25 Historical Facts about the 1100s


Konrad III

In 1140, a German King named Konrad III captured a castle and ordered all the women of the castle to leave with whatever they could carry on their backs. Thinking quickly, the women carried their men on their backs. The King kept his word and let the men live.

2. In 1191, King Richard I used chains made of silver to imprison the ruler of Cyprus because he had promised not to place him in irons.

3. In 1120, the captain of the White Ship was encouraged by on-board revelers to try and overtake another vessel on which King Henry I was a passenger. In the dark the ship hit a submerged rock and capsized, leading to the death of Henry’s only heir (William Adelin), which led to a 20-year civil war.

4. The Leper King of Jerusalem: Baldwin the fourth ruled Jerusalem from 1174-1185, refused to hide his leprosy from his subjects and took an active part in the wars and crusades of that time until his disease progressed enough to cripple and blind him.

5. Several 12th-century British historical sources report the mysterious appearance of “The Green Children of Woolpit.” A brother and a sister were discovered to have green skin, spoke an unknown language, and were capable of eating only green food.

6 Philip of France

Philip of France

In 1131, crown prince Philip of France died while riding through Paris when his horse tripped over a black pig running out of a heap of dung.

7. In the 12th century China, sunglasses with lenses made from smoky quartz were used by court judges to mask their facial expressions and appear impartial.

8. There is a surviving text of an 1121 law in Baghdad requiring all Jewish women to wear at all times: 1 yellow star on their head, 1 yellow star on their neck, a necklace with a lead plaque that said “Dhimmi” (ie “non-Muslim”), 1 red shoe, 1 black shoe and a bell on their neck or their shoes.

9. In 1193, King Philip II of France married Ingeborg of Denmark. On their wedding night, he decided not to let her be crowned the Queen of France after he discovered she had such a horrible breath.

10. In 1187, King Philip II of France and King Richard I of England (whilst a prince), shared a bed overnight in a symbol of unity between the two countries.


Sigurd I of Norway

In 1107, King Sigurd I of Norway launched a crusade that fought in Spain, the Mediterranean, and the Holy Land. They won every battle they participated in.

12. In the 12th century, Bologna [Italy] had up to 180 towers as high as 97 meters [318 feet] which made it look like a medieval manhattan.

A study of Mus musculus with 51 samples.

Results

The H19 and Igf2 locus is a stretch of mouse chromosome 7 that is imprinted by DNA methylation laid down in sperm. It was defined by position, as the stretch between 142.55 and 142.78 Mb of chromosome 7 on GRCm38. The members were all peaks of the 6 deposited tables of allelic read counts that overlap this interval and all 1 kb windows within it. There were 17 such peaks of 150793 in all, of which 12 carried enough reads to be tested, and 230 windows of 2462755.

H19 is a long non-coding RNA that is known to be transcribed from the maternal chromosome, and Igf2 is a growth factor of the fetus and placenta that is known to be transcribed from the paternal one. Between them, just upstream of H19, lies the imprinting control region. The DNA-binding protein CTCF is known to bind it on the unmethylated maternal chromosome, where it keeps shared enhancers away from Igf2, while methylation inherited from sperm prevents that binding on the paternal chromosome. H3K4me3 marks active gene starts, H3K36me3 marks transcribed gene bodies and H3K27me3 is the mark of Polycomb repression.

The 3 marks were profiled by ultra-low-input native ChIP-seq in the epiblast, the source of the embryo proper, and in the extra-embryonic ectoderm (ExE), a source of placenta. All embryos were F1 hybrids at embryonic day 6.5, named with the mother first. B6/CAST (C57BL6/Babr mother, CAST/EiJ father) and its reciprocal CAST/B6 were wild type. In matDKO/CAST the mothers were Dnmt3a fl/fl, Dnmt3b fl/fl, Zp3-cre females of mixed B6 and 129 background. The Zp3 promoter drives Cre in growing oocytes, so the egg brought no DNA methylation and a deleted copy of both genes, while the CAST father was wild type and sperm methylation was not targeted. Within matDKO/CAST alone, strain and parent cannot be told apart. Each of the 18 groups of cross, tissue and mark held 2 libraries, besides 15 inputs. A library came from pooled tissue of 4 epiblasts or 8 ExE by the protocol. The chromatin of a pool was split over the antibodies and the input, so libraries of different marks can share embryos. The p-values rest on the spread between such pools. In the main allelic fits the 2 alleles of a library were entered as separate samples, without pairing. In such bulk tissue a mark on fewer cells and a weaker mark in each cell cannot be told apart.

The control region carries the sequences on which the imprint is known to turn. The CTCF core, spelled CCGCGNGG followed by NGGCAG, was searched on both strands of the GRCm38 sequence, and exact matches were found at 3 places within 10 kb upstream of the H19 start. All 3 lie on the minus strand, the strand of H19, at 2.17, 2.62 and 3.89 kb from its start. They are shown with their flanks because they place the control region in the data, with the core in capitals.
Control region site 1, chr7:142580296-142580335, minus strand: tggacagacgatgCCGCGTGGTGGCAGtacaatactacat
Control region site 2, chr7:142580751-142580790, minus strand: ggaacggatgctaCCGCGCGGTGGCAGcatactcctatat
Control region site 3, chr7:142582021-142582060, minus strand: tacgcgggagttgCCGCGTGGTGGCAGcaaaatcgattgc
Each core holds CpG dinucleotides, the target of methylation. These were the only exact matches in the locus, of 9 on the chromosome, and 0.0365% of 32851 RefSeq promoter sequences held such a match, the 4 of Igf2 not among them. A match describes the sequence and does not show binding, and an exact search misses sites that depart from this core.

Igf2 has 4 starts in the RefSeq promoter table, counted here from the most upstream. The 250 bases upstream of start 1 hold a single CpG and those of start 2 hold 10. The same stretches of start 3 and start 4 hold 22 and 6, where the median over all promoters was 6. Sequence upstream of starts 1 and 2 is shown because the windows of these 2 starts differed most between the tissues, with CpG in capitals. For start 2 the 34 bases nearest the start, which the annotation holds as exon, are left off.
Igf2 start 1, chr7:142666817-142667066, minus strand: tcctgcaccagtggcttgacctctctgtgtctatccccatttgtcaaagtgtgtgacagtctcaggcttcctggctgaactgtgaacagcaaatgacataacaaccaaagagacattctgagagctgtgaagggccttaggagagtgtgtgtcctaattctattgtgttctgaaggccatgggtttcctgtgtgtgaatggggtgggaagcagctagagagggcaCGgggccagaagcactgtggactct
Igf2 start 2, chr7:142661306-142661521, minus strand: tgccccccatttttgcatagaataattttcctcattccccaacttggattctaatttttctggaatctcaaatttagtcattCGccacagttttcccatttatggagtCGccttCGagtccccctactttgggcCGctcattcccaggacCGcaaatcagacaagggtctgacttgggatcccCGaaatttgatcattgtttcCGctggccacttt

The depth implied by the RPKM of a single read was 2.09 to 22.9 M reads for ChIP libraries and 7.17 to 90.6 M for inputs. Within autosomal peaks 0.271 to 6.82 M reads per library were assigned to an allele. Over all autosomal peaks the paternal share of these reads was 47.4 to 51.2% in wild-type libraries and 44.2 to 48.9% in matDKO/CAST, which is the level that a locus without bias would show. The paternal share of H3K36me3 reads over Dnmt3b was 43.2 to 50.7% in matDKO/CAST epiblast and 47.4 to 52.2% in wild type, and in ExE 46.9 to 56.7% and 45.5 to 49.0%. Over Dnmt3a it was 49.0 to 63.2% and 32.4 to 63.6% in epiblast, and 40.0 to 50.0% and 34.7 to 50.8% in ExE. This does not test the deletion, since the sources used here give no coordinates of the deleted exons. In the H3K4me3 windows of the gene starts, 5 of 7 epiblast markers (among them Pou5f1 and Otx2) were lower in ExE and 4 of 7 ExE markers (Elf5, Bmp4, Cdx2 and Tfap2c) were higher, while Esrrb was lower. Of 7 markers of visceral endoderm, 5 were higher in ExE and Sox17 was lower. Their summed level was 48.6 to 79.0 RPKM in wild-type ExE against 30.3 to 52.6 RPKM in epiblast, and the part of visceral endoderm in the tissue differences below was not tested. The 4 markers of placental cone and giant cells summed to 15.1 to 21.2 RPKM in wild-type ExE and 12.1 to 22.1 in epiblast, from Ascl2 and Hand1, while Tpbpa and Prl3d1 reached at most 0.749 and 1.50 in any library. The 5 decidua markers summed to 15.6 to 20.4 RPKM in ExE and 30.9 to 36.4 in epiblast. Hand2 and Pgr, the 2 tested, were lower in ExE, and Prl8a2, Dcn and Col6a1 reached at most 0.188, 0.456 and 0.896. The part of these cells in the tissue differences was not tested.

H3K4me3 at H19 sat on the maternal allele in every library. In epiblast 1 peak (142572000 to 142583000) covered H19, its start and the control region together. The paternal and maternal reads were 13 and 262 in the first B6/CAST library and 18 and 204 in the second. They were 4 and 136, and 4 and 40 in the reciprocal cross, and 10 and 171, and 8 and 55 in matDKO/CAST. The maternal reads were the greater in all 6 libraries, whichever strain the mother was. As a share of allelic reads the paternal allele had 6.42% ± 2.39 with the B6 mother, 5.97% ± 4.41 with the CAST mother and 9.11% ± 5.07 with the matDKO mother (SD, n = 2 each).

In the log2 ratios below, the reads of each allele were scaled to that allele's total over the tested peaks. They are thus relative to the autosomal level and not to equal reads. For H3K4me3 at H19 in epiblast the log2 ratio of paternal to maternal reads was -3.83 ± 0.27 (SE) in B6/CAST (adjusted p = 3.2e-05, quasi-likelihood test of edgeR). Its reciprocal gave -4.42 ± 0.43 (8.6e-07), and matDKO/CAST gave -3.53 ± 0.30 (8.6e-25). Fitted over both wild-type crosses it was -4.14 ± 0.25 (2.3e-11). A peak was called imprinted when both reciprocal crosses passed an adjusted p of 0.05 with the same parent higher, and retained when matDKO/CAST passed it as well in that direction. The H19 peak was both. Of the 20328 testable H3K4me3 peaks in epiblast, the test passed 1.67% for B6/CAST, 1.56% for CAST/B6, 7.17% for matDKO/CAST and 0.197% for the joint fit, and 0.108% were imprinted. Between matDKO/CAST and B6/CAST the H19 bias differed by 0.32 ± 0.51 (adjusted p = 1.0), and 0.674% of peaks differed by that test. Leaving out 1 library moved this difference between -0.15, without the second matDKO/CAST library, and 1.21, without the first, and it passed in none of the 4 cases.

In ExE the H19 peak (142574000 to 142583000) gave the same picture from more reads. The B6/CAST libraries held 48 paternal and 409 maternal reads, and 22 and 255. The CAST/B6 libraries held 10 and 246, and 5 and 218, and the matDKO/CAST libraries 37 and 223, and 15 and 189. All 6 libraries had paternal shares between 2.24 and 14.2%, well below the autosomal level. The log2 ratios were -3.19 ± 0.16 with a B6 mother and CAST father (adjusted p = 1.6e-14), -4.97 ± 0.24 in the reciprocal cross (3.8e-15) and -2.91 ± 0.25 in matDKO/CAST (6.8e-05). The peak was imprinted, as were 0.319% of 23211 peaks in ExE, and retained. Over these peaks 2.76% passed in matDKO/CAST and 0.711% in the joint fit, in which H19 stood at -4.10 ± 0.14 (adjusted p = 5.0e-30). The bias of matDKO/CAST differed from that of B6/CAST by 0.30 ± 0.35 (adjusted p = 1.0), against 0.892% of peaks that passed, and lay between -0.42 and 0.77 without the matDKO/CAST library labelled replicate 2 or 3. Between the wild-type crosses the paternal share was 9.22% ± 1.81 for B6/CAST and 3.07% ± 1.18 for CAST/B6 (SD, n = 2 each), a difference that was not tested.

13. In 1123, the people of Greenland asked King Sigurd of Norway to send them a bishop along with a polar bear as a gift to accompany their request.

14. In 1102, Baldwin I was defeated in battle by an Egyptian army, was besieged at Ramla, escaped with 5 companions, was taken to Jaffa by an English pirate, and then returned to battle to defeat the Egyptians.

15. In 1162, in revenge for insulting his wife (Beatrice), Frederick I, the Holy Roman Emperor forced every resident of Milan who wished to live to pluck a fig placed into the genitals of a female mule.



In 1183, while sultan Saladin was laying siege to a crusader Castle in modern Jordan, he instructed his catapults to avoid the tower of the newlyweds after receiving food from their feast.

17. Frederick I Barbarossa (1122 – 1190) was a German Holy Roman Emperor who gathered 100,000 men for a crusade to fight the Saracens, marched to Constantinople then rode his horse out of its depth in the Saleph River and drowned on the morning of the battle.

18. Roland the Farter was a 12th-century minstrel who was gifted a manor house in Hemingstone, Suffolk, and more than 100 acres of land for performing a dance that ended with “one jump, one whistle, and one fart,” basically for farting on cue.

19. Martim Moniz was a knight who in 1147, during the Reconquista, sacrificed himself by lodging himself in the doorway of the castle in Lisbon, preventing the moors from fully closing the door. His sacrifice allowed the castle to be conquered.

20. The pood was a 12th century unit of mass equivalent to 40 funt (or 16.38 kg/36.11 lbs). While abolished for use by the USSR in 1924, the term remains in situational cases, and an old Russian proverb reads, “You know a man when you have eaten a pood of salt with him.”


Lý Anh Tông

In 1138, Lý Anh Tông was named emperor of Lý Dynasty in Vietnam at the age of 2.

22. In the 12th-century, women in Shanxi (a Chinese province) were considered more desirable as a wife if they had already slept with a large number of men.

23. In 1161, Henry of Blois, the Bishop of Winchester was the largest brothel owner in the UK and his prostitutes were called the Winchester Geese.

24. By the 12th Century, 21 different churches claimed to possess Jesus Christ’s foreskin. The Pope was eventually called upon to decide which one was authentic.

25. In the 12th century, King Baldwin II of Jerusalem secured a loan using his beard as collateral.